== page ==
Gaining access to your property for viewings

Gaining access to your property is necessary to conduct periodic inspections and repairs. But where do you stand if you wish to gain access for property viewings?

Often, you will wish to show around a prospective tenant when your current tenant is in occupation. You may even be selling up with a tenant in situ, in which case the buyer will want to view the property.

However, the tenant has the right to quiet enjoyment of a property. Under the Protection from Eviction Act 1977, a landlord may be guilty of harassment if they interfere with their tenants’ quiet enjoyment.

This creates a conflict in the case of access for discharging repairing obligations. The Landlord and Tenant Act 1985 gives a landlord with an implied ‘repairing covenant’ the right to inspect their property at reasonable times and with 24 hours’ written notice.

The tenant has the right to refuse entry, but they’ll be in violation of their tenancy agreement if they do so. Being civilised and reaching a compromise is the answer.

Gaining access for property viewings

The Landlord and Tenant Act 1985 does not extend to access for viewings. So in the case of property viewing, landlords and tenants do not enjoy equal rights in the eyes of the law. Even with written notice given 24 hours in advance of a viewing, a tenant can refuse entry to the property without violating any implied laws.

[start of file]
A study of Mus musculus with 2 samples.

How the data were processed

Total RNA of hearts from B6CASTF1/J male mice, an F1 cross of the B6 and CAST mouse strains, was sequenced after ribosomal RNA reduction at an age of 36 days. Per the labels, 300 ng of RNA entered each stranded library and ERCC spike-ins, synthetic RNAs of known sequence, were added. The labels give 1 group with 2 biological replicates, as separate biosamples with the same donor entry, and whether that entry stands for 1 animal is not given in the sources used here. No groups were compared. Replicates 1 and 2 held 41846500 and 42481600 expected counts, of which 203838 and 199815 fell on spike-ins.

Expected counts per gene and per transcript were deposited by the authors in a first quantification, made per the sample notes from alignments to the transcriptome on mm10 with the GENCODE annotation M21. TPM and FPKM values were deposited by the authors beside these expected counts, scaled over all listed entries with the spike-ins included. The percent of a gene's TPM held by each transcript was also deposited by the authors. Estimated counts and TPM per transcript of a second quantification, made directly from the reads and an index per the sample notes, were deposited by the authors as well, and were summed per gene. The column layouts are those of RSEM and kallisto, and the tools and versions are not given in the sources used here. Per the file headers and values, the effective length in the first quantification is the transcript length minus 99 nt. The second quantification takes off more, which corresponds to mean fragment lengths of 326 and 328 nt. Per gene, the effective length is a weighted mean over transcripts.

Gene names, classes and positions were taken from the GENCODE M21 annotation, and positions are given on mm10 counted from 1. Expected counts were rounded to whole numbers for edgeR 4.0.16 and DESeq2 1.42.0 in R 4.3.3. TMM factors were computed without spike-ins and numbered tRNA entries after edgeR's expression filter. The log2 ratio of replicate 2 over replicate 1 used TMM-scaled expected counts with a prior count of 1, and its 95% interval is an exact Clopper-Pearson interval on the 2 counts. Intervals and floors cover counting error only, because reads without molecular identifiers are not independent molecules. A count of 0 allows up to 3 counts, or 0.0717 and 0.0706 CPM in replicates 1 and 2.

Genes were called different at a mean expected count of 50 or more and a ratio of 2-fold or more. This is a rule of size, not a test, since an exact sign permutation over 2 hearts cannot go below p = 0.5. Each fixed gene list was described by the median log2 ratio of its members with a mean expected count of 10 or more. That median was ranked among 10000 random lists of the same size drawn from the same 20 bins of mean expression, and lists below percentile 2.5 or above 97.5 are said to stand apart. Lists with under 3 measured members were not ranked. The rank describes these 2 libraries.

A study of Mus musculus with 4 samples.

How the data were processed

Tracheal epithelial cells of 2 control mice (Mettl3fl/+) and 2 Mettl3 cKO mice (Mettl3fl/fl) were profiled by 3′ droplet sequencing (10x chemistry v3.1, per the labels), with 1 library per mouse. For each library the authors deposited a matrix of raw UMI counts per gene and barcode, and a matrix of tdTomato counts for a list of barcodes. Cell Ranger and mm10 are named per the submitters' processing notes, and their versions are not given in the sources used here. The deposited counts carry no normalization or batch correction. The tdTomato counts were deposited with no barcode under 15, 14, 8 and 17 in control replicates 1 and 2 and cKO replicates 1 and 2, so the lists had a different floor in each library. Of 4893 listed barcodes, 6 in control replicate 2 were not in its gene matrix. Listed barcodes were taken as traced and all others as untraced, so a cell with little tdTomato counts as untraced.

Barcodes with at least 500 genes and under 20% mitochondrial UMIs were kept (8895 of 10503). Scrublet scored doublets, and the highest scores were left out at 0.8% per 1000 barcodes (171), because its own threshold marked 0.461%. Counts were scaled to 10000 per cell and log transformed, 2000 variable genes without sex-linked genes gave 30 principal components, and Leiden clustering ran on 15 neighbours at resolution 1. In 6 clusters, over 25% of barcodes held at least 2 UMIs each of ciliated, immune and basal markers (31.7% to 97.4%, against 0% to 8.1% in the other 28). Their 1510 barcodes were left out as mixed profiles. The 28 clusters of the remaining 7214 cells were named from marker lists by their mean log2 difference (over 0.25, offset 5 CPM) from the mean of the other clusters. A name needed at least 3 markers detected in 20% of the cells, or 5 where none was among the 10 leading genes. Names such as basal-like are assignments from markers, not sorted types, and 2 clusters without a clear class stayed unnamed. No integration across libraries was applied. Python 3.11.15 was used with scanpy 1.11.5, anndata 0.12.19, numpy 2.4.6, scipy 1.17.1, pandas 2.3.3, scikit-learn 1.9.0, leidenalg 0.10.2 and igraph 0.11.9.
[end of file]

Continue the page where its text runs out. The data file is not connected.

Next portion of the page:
The assured shorthold tenancy agreement available in our landlord downloads section contains the following clause:

Provided the Landlord has given the Tenant at least 24 hours’ prior notice in writing, the Tenant must give the Landlord (or any person acting on behalf of the Landlord) access to the Property at reasonable times of day in the following circumstances for the purposes specified:

  1. where the Tenant has given notice under [the Tenant’s rolling three-month break clause], to show prospective tenants or purchasers, letting agents or estate agents around the Property, but only during the last three months of the Tenancy;
  2. where the Landlord has served a notice on the Tenant … stating his intention to sell the property, to show estate agents or prospective purchasers around the Property; and
  3. during the last month of the Tenancy, for any of the purposes mentioned in paragraph (a) above.

If your contract includes a similar clause, your tenant will be in breach of their contract if they refuse you entry to conduct a property viewing. But if you enter unpermitted, you may still be guilty of harassment. You must also enter at a reasonable time, and in the case of the above clause, only during the specified periods.

What is the answer?

As always, it is best to communicate with your tenant and appeal to their sense of reason. Your tenant might not want prospective occupants looking around their home, especially if they’re in the middle of moving out. But your business will suffer if you aren’t able to let the property as soon as they have left.

One option is to let the tenants conduct initial viewings themselves. This allows them to show people around on their own terms and avoid incursions into their private space.

This does of course mean that you won’t be able to meet the prospective tenants or buyers yourself. But once a few have expressed interest, you can conduct a second round of property viewings once the flat is vacant. You’ll still let the property sooner, and you avoid having intruded upon your old tenants.

This information should not be interpreted as financial advice. Buy to let mortgage rates are subject to change. Speak to our advisors for a mortgage illustration.